A strain of enterovirus could be to blame for a mysterious paralysis taking over a San Diego boy’s arm.
Will Baker, 8, was hospitalized late last month for what doctors initially thought was pneumonia, though one big symptom suggested it was not just a respiratory illness.
He developed pain in the back of his neck, head and arm, his father Christopher told NBC 7 in an exclusive interview.
When a regimen of antibiotics did nothing, Will’s parent took him back to the emergency room as paralysis set in to his right arm.
“After some time, he lost all the ability to move his arm. He's still in the hospital at that time, and they suspected it was a polio-like virus,” said Christopher.
Tests revealed Will had contracted enterovirus, but doctors say the disease left his body before they could confirm if it was the strain D68, which has sickened children across 22 states.
Christopher said San Diego County health officials are investigating whether enterovirus caused the polio-like symptoms that have left Will unable to move more than his right hand.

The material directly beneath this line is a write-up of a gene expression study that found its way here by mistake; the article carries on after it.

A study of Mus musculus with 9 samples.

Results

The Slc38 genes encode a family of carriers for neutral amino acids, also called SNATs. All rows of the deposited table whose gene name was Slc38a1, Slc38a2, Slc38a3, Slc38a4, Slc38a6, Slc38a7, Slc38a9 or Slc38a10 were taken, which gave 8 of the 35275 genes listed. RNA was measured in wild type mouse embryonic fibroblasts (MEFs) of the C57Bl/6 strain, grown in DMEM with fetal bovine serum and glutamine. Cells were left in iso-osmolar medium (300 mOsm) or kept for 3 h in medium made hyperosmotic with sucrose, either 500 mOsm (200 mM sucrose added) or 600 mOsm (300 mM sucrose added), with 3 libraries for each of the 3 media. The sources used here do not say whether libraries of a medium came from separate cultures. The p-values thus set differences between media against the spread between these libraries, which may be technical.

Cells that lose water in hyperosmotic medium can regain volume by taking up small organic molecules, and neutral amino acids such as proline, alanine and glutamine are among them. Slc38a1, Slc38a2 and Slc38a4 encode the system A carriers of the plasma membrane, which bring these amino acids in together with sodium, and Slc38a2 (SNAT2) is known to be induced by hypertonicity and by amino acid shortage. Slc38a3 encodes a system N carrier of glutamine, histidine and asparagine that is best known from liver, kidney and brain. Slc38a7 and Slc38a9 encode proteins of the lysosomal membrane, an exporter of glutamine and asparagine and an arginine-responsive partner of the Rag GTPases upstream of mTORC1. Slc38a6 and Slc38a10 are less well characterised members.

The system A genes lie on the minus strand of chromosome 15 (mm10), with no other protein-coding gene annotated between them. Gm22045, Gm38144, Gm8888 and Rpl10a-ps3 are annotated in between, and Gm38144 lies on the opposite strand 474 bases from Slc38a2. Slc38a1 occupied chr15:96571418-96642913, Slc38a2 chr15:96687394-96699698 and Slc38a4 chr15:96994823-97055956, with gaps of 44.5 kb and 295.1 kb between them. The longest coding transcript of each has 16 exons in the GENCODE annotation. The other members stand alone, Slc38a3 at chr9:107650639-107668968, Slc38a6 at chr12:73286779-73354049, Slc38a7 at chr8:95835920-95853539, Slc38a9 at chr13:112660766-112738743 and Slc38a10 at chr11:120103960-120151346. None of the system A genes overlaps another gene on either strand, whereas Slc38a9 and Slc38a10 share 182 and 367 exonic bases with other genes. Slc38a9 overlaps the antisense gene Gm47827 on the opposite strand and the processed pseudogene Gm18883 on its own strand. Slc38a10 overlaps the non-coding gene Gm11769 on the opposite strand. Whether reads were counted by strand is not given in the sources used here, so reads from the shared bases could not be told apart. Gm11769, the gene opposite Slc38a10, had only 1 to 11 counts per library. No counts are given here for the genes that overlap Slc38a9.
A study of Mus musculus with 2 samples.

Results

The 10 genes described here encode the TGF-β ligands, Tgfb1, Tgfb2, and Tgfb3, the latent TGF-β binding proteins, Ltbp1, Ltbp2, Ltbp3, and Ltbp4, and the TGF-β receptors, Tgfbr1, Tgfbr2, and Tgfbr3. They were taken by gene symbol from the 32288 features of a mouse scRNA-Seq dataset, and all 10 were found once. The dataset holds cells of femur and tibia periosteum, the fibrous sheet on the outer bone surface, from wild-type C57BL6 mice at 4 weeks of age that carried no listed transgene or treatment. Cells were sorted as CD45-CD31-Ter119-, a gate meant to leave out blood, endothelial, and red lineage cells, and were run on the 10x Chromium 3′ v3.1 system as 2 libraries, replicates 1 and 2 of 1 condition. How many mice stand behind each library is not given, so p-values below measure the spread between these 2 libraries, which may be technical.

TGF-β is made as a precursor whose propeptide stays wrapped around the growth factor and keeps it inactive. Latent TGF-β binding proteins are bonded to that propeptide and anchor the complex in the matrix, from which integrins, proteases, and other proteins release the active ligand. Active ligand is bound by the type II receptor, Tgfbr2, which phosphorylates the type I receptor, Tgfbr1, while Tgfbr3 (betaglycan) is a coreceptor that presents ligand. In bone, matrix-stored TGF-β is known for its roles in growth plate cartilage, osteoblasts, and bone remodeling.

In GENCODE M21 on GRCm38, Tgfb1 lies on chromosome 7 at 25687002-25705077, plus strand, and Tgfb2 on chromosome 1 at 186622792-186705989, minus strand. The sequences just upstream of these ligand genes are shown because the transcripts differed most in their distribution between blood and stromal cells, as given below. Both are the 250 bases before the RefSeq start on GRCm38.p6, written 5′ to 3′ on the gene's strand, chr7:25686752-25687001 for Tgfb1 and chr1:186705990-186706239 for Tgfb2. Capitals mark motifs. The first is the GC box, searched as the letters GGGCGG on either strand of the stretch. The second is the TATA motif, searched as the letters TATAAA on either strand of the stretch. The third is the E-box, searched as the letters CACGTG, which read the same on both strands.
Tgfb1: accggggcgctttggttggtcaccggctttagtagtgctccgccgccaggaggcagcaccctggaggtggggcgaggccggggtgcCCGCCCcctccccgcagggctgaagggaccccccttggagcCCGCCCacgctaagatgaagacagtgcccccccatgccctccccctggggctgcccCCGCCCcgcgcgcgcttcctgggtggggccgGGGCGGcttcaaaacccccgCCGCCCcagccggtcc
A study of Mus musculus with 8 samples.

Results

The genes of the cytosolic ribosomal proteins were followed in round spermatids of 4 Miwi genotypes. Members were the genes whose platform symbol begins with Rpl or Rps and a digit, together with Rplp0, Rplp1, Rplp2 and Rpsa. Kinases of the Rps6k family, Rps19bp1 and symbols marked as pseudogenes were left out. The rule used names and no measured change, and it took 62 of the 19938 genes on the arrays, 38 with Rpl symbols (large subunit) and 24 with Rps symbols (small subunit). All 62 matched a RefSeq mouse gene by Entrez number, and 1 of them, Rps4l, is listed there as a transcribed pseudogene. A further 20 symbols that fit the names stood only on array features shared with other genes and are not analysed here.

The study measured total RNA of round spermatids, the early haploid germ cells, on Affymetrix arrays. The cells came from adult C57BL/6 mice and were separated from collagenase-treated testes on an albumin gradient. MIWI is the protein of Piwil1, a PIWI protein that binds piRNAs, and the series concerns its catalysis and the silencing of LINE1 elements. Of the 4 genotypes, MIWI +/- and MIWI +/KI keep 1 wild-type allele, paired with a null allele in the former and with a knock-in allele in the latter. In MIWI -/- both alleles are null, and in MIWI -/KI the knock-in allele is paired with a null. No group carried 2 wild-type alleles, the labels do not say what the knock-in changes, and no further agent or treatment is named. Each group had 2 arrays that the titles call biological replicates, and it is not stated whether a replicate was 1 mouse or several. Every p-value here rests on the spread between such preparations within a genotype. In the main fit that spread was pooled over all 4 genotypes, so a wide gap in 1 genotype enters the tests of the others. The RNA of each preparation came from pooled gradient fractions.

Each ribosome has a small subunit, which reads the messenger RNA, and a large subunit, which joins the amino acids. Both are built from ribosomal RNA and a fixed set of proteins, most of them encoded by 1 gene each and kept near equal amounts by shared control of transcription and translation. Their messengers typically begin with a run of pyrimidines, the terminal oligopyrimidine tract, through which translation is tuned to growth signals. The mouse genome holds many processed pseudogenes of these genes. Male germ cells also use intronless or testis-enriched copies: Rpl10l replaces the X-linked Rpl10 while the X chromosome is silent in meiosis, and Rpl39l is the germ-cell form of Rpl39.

Will’s case is similar to ten others reported in Colorado, where patients have either weakness or paralysis in arms or legs. Four of them have tested positive for EV-68.
While doctors prescribed physical therapy as a possible cure, the recovery rate for Will’s paralysis is very low, according to Christopher.
"The long term prognosis is not great. It's not encouraging. But at the same time, I am hopeful, and we're going to do all we can as far as physical therapy and whatever else we can think of,” he said. The family has opened a support fund to raise money for Will's treatment.
Will’s mother told NBC 7 she hopes other cases will be diagnosed much quicker. She thinks doctors should run tests right away when a child complains of stiffness in the neck or headaches.
Will, a baseball and piano player, is remaining positive and has begun homeschooling while he recovers.
"And he's determined to use his left hand, his left arm, writing with his hand, throwing with his left hand,” Christopher said.
The father said he wants other parents to be aware of head and neck pain in their own children, as do public health officials. They are asking emergency rooms and pediatricians across the U.S. to watch for paralysis or weakness in patients and report it to local health departments.
In the past, EV-71 was the strain known to cause paralysis, not EV-68. Doctors explained to Christopher that like polio, many people are infected with enterovirus without ever developing symptoms. Only random cases could progress into severe respiratory problems or paralysis.
Three children from San Diego County and one visiting from Ventura tested positive for EV-68, the first cases reported in California this year.